After a career resurgence in 2021, Acosta expresses USMNT confidence ahead of El Salvador qualifier
August 31, 2021
IT IS HARD TO think of an American player who has seen his international fortunes change as much as Kellyn Acosta. Just last year when the soccer world returned from its COVID-19 shutdown, Acosta was not in the national team picture and was playing for a struggling Colorado team.
Flash forward 12 months later and ahead of the U.S. team’s World Cup qualifying opener away at El Salvador, Acosta is now an integral part of the most improved team in MLS in Colorado and is firmly on the United States national team – having started and won two finals against Mexico at the Nations League and the Gold Cup.
Acosta has shown his capabilities to fit well in Berhalter’s system. While he might not start for the U.S. team when everyone is health, he is a key backup at several midfield positions. Plus, with the new World Cup qualifying format now having three-game windows, there is a big need for squad rotation which will likely mean Acosta sees the field.
When he was a teenager and into his early 20s, Acosta was once considered a top American prospect having come up through the FC Dallas academy where he made the first team and began playing for the national team. When his game began to struggle in 2018 and 2019, Acosta no longer received international call-ups. It wasn’t until last December when Gregg Berhalter brought him in for another look after he led the Rapids back to the playoffs.
“It was probably the toughest things I've faced in my career besides, having an injury,” Acosta said about his two years away from the national team. “Having this obstacle for me was actually huge for my growth and maturity. No one ever wants to experience it, but sometimes it just happens. But I think that that really helped me grow. It got me to change my focus and refocus on the things that I can control.”
“You always dream to be here and you wish to be here,” he added.
Now 26, Acosta is one of the veterans of the U.S. team who brings a lot of experience to the team. He is a product of the FC Dallas academy which has produced a growing number of top American players – many of whom he has played with and known – like Reggie Cannon, Weston McKennie (who he has known since he was nine), and Chris Richards. Acosta has also been part of a U-17 World Cup team and two U-20 World Cup teams. Now with his recent success over the summer with both the Nations League and the Gold Cup, he is able to bring more to the table.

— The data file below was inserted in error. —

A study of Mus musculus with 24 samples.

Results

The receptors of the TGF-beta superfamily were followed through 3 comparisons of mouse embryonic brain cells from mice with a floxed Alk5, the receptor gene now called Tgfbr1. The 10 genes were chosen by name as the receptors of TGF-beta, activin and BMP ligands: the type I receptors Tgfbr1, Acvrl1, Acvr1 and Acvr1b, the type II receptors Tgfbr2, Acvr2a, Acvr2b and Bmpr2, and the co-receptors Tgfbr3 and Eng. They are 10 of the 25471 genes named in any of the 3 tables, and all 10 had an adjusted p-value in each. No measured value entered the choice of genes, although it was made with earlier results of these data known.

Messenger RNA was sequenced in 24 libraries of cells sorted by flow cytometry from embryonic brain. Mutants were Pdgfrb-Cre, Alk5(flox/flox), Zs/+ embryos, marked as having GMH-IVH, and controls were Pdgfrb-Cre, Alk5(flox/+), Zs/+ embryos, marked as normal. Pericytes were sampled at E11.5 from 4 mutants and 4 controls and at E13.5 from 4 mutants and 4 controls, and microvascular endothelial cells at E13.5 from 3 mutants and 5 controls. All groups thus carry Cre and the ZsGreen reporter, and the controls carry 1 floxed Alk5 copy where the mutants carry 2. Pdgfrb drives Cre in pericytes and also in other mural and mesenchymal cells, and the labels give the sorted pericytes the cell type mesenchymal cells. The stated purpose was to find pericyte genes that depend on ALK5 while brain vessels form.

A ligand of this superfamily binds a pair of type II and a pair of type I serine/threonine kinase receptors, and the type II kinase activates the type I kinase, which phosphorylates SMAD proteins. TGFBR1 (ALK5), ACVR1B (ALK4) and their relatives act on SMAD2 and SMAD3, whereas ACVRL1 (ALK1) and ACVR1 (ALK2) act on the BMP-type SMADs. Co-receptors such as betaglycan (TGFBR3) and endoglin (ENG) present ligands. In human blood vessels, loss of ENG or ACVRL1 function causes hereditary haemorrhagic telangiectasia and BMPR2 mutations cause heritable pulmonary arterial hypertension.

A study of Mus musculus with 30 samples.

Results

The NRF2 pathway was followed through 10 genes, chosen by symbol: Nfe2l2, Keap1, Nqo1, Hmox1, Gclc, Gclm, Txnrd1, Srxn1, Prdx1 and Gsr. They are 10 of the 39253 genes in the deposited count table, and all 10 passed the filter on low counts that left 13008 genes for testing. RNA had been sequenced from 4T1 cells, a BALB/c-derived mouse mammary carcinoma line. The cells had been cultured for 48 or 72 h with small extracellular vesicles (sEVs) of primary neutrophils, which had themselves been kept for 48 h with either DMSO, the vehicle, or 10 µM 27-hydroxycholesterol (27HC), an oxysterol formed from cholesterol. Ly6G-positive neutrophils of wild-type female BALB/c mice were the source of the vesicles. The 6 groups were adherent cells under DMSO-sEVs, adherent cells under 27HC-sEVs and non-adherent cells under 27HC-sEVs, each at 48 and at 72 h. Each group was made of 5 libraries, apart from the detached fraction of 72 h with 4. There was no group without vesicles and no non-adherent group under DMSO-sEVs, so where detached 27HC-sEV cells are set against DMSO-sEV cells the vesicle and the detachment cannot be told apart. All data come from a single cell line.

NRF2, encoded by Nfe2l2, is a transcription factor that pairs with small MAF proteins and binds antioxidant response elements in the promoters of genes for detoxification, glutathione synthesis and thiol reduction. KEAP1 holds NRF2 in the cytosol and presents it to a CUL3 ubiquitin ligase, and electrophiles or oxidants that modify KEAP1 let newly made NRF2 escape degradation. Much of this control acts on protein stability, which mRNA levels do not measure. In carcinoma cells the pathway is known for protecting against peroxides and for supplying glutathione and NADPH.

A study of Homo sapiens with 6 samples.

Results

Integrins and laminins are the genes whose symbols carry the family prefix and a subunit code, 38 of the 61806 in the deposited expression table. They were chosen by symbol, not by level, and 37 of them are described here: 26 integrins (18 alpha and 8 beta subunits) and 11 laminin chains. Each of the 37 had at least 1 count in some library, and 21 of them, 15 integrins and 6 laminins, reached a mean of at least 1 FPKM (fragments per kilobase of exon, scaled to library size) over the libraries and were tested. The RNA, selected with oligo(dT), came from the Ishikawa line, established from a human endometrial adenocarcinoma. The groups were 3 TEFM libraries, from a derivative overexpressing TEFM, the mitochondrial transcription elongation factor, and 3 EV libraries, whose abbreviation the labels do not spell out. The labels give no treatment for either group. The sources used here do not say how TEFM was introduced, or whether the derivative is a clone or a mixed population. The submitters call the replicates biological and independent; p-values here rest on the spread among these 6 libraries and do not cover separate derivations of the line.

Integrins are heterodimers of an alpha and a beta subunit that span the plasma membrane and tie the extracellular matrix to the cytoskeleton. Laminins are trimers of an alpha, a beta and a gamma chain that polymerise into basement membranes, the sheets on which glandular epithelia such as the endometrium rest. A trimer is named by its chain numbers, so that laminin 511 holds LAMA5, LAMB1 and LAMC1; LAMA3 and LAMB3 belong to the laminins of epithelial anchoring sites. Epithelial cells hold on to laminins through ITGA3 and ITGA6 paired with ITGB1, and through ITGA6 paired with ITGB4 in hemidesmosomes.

As a veteran, he is also aware that CONCACAF soccer is often just different. The current U.S. team brings with it a lot of talent but Acosta knows that sometimes in these games teams sometimes aren’t able to play the way they want to play. That’s where it comes down to the ability to just finish the job and get results, even if it is playing ugly.
“My first real qualifier might have been like St. Vincent,” Acosta said. “It was tough. I mean, that game brought different challenges. We're not typically used to whether - we played in the afternoon, it was blazing hot. The field conditions weren't great. With these games, sometimes, you can't play beautiful football. You want to be at times you will. But sometimes if you just let the grind and be gritty and be sound defensively and capitalize offensively.
“But the resiliency of the group to move forward and keep battling was huge,” he continued. “, we have a good group of guys, guys that are experienced the CONCACAF region and got a little bit taste this past summer.. It's the mental aspect of the game. Regardless of the conditions, the weather, the field, we got to be up to it. And for all of us, I think we've shown in the past that no matter what kind of adversity is thrown our way, we've been able to adapt. Look at the Mexico game at the Nations League - crowd throwing things, referees making different calls. Maybe the field is not as great, but we were able and willing to adapt.”
Acosta is ready for the games ahead even if it is not yet decided what position he might feature. He could play the No. 6, the No. 8 role, or even as a backup fullback.
“I'm obviously going to give my all and give everything,” Acosta explained. “For me, the positions are little details. I've played in different games and played in different positions. Wherever I get asked to play, I'd be willing to do so.”
Of course, the big talking point heading into this game will be that it is the first World Cup qualifier since 2017 when the U.S. was upset by Trinidad & Tobago and failed to qualify for the World Cup. That loss was obviously a massive blow to the program but it overshadowed a qualifying campaign that was poor from the start – the opening two losses, the failure to win on the road, and most importantly the devastating September losses which included a home loss to Costa Rica.
Most successful World Cup qualifying campaigns have strong starts with momentum often then carrying the team. Acosta sees these games as very important. Like he has done throughout his career, Acosta has a way of turning a negative into a positive. He grew as a player and as a person in his two years away from the national team. Now he is looking back to the negativity of the 2017 failures as motivation ahead of the upcoming trip to El Salvador.
“We could definitely use as motivation,” Acosta said. “We never want to go down the road again. In that aspect, we don't want to have that same feeling that we did back in 2017 and we go into these games as motivation to do whatever we have to do to win. You can play a beautiful football, but sometimes you got to get pretty gritty, roll up their sleeves and grind out a result. Whatever kind of way we have to do it, as long as we get the result. That's the most important.”